Video Game Review: “Civilization V: Gods and Kings”
Me and the game Civilization go way back. Not to the dawn of civilizations itself, but to the dawn of the game Civilization. Since the original Civilization, I have played every game. Civilization V was a solidly balanced game among all of them (since Civilization II). Just a few weeks ago, the expansion pack to Civilization V was released, titled Gods and Kings. Civilization V is needed to play the expansion pack.
Some herald the game as a great addition. I am not here to say it isn’t. However, I feel like it could have been a bit more. But before I get into my personal feelings on the game, let me tell you what has been added…
With the expansion pack, you now have an extra 9 civilizations you can play as, to make the total of civilizations up to 27 (not including any bonus civs you may have acquired from DLCs or limited edition games). There are 27 new units as well (though most are unique units for the 9 new civilizations). There is also an added amount of resources to go get to add to your empire and please your citizens.
One game mechanic added was espionage. Espionage has been an off and on kind of thing throughout the franchise. Civilization V did not have espionage so this was a brand new mechanic. When your civilization makes it to the Renaissance Era, every civilization gets one spy. This spy can either go to other civilizations to steal technology and gather information about who they are considering to attack, or the spy can rig elections or cause a coup in city-states so you can gain their favor, or the spy can do counter-intelligence and prevent other spies from stealing your tech. This is all cool and I like it. However, acquiring spies is limited. You gain a spy for every era you progress through. By the time you get spies, they aren’t a deal breaker in the game. I have not found my strategy changing at all because of spies. The only thing spies do is adding another thing that can change diplomatic relations between nations.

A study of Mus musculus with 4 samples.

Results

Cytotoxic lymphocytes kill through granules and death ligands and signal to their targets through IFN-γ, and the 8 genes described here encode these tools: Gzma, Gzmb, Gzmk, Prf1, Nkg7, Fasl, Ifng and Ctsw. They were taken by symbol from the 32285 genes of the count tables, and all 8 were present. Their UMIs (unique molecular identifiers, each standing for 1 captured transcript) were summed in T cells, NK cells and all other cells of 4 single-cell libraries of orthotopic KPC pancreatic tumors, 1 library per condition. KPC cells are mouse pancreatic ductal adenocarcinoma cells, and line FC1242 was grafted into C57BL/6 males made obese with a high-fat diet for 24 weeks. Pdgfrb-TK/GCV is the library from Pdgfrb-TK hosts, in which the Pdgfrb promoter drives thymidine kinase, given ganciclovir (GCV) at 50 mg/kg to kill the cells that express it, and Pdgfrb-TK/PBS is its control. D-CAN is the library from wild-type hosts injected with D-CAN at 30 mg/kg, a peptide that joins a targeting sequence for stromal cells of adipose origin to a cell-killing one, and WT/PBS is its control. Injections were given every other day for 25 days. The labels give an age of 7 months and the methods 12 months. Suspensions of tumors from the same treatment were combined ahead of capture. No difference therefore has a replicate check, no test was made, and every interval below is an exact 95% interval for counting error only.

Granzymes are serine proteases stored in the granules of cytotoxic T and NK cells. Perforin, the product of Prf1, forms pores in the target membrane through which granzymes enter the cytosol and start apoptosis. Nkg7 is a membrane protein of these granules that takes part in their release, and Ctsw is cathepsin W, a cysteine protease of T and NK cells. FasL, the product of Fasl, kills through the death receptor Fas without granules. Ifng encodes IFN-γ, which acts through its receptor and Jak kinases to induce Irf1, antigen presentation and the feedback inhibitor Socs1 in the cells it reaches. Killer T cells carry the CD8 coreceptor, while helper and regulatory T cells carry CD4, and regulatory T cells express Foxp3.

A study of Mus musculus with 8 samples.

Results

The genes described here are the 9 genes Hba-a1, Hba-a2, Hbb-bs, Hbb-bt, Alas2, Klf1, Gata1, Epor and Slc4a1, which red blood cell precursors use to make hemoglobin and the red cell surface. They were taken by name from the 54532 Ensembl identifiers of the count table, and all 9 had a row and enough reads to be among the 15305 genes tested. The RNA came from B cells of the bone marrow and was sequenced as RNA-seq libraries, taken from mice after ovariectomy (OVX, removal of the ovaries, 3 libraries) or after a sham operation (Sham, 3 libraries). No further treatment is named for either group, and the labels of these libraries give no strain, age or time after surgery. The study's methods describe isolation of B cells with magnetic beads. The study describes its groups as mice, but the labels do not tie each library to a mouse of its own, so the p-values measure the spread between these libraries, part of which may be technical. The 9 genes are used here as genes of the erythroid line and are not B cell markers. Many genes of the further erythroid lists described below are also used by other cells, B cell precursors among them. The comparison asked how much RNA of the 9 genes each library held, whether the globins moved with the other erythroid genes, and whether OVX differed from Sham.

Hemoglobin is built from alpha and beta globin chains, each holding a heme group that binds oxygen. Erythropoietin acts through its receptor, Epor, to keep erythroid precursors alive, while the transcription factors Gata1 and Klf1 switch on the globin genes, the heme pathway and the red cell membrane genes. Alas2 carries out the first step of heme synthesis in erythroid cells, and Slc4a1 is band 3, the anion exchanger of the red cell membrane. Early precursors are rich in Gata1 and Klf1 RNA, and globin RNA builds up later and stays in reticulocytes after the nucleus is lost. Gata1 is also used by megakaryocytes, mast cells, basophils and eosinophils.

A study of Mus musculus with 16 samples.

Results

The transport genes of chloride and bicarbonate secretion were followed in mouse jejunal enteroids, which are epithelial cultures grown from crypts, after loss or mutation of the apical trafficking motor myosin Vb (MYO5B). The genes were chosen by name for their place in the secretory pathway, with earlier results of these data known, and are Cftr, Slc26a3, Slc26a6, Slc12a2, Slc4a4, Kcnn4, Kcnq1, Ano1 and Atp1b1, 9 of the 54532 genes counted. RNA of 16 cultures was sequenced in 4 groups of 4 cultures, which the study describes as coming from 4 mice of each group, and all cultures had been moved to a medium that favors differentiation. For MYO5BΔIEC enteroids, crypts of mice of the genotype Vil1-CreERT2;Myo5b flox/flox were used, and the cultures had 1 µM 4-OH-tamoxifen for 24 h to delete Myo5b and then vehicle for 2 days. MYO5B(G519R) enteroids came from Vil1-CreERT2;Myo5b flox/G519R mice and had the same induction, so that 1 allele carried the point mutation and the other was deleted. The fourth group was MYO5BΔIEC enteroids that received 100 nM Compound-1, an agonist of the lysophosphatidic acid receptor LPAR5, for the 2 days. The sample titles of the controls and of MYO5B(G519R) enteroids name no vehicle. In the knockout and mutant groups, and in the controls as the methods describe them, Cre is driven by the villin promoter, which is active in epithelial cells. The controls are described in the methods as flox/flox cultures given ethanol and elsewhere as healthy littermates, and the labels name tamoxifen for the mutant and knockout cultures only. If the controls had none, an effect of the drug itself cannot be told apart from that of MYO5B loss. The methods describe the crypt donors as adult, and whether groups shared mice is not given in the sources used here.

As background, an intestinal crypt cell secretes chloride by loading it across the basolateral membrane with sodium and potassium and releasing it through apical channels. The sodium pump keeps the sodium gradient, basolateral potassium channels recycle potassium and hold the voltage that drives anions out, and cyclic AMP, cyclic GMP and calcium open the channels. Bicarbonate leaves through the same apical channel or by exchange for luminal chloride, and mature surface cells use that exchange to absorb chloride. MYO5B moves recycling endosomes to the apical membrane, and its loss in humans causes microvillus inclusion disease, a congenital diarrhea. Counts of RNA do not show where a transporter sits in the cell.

The other addition to the game is religion. Civilizations may found a religion (with a real religion name or a made-up one of your choice). Religion can added a few bonuses that your civilization will get to enjoy. Religion itself isn’t a necessary game changer either, however it adds a few minor things for the non-conquest individuals. Instead of having to bully city-states, you may get a request to spread your religion. Religion can also aid in diplomatic relations if you share the same religion. There are a few religion bonuses that would be useful, such as purchasing religious buildings that add a bonus to your city, or using faith to purchase units before Renaissance Era, but others are fairly lame.
The two mechanics have not greatly changed, but at the same time they don’t go unnoticed either. The balance has remained all the way through. There are no game changers at all (which is a blessing and a curse). In thinking of how espionage could be better, I can only think that it be better earlier in the game, but aside from that it is balanced as it is. With religion, I wish some more elements were included, such as having a zealot unit, or using faith to possibly inspire units temporarily or something. Have a bonus when fighting civilizations of different religions but a negative when fighting civilizations sharing the same religion. I am not fully sure. But something a bit more possibly.
Still, if you have the money, purchase this expansion. More civilizations is always a bonus. There were quite a bit of nice touches added and the game doesn’t become any more or less balanced than before. Very solid, careful thinking on Firaxis’ part. I was nervous for a bit since I usually am not thrilled by Civilization expansion packs, but this did well. Go check it out!
Now Firaxis, how about a new Alpha Centauri game, hmm?